Can't you just hear it?

Upon learning that someone has lung cancer, what are the first thoughts and words in the average American's mind?

Questions about smoking status? If you said yes, you're probably correct. And given what we know today, smoking may very well have something to do with it.

That said, why do we feel we need to evaluate causation - especially when that evaluation can be painful to the one we've just learned has cancer? We aren't so cruel to those who have breast cancer. We don't first inquire about the number of years a woman with breast cancer nursed her children, and then offer our support. But talking about the stigma of lung cancer is a different issue than the aim of this blog post. Instead, it's important to note that while everyone with lung cancer deserves our care and support regardless of smoking history, there are many people with lung cancer who have never smoked.

Let's start with women. A full 20% of women who develop lung cancer have never smoked. One in five. And adding together never smokers and former smokers, we learn that the majority of women diagnosed with lung cancer today aren't current smokers. Looking at statistics another way, the number of never smoking women who die from lung cancer each year is fairly close to the number of women (smokers or non-smokers) who die from breast cancer each year.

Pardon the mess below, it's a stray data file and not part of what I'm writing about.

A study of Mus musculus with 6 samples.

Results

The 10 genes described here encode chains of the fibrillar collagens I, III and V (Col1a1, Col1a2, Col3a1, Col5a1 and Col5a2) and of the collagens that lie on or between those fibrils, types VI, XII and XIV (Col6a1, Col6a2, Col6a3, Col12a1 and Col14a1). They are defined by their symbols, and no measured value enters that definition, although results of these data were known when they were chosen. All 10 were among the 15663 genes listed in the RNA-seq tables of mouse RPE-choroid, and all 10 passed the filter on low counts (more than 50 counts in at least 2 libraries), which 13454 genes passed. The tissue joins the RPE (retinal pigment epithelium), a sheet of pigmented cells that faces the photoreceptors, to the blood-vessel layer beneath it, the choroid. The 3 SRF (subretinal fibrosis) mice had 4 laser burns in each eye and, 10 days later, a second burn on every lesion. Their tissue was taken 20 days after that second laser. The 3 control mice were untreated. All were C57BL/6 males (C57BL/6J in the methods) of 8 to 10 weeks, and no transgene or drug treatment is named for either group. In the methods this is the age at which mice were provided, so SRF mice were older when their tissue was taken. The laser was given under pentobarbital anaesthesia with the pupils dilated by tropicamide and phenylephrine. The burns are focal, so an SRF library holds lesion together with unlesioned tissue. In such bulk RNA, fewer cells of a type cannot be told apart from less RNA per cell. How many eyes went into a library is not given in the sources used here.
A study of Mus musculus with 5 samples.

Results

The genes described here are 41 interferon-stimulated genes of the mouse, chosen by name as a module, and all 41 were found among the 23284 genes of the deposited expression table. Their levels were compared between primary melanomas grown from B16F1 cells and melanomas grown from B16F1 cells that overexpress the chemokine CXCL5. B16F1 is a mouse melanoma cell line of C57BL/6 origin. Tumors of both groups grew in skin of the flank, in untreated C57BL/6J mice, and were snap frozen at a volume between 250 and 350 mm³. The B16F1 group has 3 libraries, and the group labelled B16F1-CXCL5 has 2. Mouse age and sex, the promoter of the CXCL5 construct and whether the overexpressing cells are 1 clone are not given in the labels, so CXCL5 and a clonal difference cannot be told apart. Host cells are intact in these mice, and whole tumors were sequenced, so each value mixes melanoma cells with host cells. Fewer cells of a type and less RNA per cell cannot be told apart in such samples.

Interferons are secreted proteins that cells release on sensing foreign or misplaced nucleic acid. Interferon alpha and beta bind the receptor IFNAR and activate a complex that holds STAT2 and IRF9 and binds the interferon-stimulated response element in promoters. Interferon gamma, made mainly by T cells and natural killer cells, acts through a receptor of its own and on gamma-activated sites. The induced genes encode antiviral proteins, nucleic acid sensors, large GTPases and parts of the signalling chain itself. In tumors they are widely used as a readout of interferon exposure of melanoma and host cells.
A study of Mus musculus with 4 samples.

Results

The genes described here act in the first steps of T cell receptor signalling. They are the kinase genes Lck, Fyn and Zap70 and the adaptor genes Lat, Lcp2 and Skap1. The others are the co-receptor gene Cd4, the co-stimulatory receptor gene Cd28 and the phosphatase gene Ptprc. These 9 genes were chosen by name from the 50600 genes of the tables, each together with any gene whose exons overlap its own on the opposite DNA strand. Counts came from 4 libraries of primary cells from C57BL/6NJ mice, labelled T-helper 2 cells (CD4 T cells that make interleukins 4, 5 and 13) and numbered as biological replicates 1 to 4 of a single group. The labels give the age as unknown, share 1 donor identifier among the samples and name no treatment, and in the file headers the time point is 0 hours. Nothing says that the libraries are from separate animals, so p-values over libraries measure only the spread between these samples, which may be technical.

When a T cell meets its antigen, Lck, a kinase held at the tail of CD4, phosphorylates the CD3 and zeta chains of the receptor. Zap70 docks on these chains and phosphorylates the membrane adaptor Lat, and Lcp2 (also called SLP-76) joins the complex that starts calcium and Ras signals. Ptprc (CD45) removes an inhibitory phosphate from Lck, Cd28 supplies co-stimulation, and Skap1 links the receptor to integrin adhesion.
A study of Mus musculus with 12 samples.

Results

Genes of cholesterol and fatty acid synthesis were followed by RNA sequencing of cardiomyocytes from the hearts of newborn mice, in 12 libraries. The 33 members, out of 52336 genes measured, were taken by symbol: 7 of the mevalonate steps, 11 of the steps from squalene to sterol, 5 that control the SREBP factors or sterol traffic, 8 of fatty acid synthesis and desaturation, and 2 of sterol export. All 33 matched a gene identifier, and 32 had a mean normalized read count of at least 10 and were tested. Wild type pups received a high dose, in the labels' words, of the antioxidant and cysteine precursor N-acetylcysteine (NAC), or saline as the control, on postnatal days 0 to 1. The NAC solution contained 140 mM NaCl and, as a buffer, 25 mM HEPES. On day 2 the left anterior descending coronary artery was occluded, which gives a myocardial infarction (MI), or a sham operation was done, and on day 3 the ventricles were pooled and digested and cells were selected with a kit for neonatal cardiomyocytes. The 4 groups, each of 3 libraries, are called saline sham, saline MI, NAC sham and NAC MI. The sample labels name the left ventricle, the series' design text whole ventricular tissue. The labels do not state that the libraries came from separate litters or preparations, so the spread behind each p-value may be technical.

I'm sure many people quickly wonder about second-hand smoke. Yes, secondhand smoke causes around 3,000 lung cancer deaths per year in the United States. But that only accounts for a minority of non-smoking women who develop lung cancer. Causes such as radon exposure are important, as are causes we are likely unaware of.

Unaware of... Yes. At the same time that lung cancer deaths in men are decreasing, and those in women have leveled off, a form of lung cancer often found in young, female non-smokers, bronchioloalveolar carcinoma (BAC), is actually increasing.

Why do I share these statistics?

The first reason I already alluded to. When you run into someone with lung cancer, try to offer your unconditional caring and support rather than asking about smoking status. Yes, smoking status is important, but do we really need more evidence that smoking causes lung cancer - and in this way which can be painful for someone recently diagnosed?

The second reason is funding. The five-year survival rate for breast cancer is 89%. For lung cancer it hovers around 16%. For every 24 federal dollars spent to combat breast cancer, only a single dollar bill is spent on lung cancer research.

I've said it before, but think of it this way. We keep hearing tear-jerking propaganda about our mothers, sisters, daughters, and friends with breast cancer. But we have a lot more mothers, sisters, daughters, and friends left to cope with lung cancer with less support. Don't take me wrong. I have nothing against breast cancer research. I'm alive because of it. But it's time we stand up - especially those of us in pink who have benefitted so greatly - and take notice of the lack of funding and deficit of love and caring for those with lung cancer.